Back in December 2008 I replaced the roof of our main outhouse. To finished the job, I built a gutter for the front “porch,” above the door.
I used a scrap piece of vinyl gutter, which I cut in half to span the length of the roofline. I backed off the screws holding down the metal roof, wedged the flat edge of each piece underneath, and retightened the screws, pinning them in place.
This worked fairly well for years. Occasionally, a high wind would pop one or both of the pieces out of place, requiring reinstalling.
Recently, after yet another unscheduled removal, I got tired of it, and decided to do it right, finally.
We already had gutter pieces, left over from improvements we’d made to the gutters we found when we moved here. I picked up a handful of hanger brackets in town, and put the thing up Thursday morning, during a break in the October rains.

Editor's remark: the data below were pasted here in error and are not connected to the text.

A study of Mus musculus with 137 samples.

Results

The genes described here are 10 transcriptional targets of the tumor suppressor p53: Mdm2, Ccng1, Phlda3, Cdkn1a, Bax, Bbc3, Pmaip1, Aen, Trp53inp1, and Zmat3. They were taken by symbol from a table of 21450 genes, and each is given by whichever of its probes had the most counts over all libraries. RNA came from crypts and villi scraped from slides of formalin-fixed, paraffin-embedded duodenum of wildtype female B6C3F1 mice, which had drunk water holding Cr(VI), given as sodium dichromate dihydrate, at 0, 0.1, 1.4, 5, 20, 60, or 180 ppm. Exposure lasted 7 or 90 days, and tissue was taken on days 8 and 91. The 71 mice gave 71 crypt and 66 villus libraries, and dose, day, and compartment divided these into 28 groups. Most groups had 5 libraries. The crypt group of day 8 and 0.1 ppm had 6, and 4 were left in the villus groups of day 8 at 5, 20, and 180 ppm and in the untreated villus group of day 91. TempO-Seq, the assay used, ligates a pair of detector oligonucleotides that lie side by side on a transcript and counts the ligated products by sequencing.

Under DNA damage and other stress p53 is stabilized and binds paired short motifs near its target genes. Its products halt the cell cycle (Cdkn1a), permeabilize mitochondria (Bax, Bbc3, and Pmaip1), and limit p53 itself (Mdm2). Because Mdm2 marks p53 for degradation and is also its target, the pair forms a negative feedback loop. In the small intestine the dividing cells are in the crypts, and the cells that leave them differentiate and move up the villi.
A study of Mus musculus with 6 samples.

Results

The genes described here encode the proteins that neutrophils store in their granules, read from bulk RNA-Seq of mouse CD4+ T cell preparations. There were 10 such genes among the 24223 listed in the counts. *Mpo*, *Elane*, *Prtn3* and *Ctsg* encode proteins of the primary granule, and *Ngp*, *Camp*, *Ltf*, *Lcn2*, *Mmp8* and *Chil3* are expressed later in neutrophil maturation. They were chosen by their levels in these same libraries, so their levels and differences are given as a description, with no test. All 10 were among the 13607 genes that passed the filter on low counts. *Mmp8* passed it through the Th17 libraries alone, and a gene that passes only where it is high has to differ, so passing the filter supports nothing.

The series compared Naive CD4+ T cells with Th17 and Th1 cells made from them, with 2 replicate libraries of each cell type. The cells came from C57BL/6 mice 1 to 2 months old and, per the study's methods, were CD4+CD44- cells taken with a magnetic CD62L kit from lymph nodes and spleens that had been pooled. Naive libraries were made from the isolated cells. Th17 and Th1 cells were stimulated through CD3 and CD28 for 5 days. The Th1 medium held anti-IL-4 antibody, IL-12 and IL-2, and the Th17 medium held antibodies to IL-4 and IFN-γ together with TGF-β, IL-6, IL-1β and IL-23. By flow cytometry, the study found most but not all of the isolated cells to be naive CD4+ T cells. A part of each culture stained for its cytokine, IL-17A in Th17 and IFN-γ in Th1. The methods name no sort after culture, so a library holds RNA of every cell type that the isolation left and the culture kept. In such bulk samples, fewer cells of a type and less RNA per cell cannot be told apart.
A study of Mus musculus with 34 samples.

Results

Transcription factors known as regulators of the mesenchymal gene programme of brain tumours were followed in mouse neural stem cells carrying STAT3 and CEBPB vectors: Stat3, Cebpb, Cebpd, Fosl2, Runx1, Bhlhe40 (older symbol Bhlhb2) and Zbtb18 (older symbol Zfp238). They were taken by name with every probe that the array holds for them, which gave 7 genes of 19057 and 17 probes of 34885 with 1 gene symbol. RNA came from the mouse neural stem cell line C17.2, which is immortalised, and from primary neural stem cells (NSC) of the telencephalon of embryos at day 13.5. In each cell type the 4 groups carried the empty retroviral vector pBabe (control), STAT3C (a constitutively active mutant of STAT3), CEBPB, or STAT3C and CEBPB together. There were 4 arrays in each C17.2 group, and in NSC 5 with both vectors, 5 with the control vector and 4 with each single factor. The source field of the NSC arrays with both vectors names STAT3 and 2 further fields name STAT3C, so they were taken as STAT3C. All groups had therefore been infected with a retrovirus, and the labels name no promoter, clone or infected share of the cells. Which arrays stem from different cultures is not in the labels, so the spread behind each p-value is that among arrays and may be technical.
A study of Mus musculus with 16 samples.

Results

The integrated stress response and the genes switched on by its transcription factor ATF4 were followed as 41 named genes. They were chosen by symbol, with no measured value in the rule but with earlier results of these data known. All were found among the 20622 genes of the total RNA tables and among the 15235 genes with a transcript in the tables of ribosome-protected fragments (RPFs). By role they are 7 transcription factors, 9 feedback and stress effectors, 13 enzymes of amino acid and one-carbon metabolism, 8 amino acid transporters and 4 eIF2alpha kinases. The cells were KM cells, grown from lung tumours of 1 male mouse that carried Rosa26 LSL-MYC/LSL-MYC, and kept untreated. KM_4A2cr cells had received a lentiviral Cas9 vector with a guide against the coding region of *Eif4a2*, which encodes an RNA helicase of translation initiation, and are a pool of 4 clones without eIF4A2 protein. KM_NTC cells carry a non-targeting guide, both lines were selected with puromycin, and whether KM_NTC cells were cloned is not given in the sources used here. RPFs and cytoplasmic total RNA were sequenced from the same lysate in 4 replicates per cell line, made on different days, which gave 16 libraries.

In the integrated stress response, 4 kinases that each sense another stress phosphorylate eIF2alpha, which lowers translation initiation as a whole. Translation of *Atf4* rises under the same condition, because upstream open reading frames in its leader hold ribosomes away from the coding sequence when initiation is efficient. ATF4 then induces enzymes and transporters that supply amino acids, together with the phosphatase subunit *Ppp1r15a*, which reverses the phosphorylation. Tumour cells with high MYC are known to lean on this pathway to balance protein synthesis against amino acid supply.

To my pleased surprise, using a full gutter didn’t lower the headroom in the doorway as I’d feared. I can still walk in and out without ducking, more so now, as I tended to duck to avoid the drips for the day or so between the loss of the old gutter and installation of the new.
The new gutter will also extend the life of the roof. The old arrangement basically backed rainwater away from the roof edge; while it “encouraged” run off to flow down the roof slope and off past the doorway, much of the water backed up on the galvanized metal roof. Since it is often covered by fallen spruce needles and other dirt, that moisture presumably soaked into the duff there and sat, no doubt quietly rusting the roof and its screws. Now, with a more robust drainage system, water won’t stand on the roof for so long.
I should have done it long ago; I suppose what we had served well enough, but now it’s considerably better.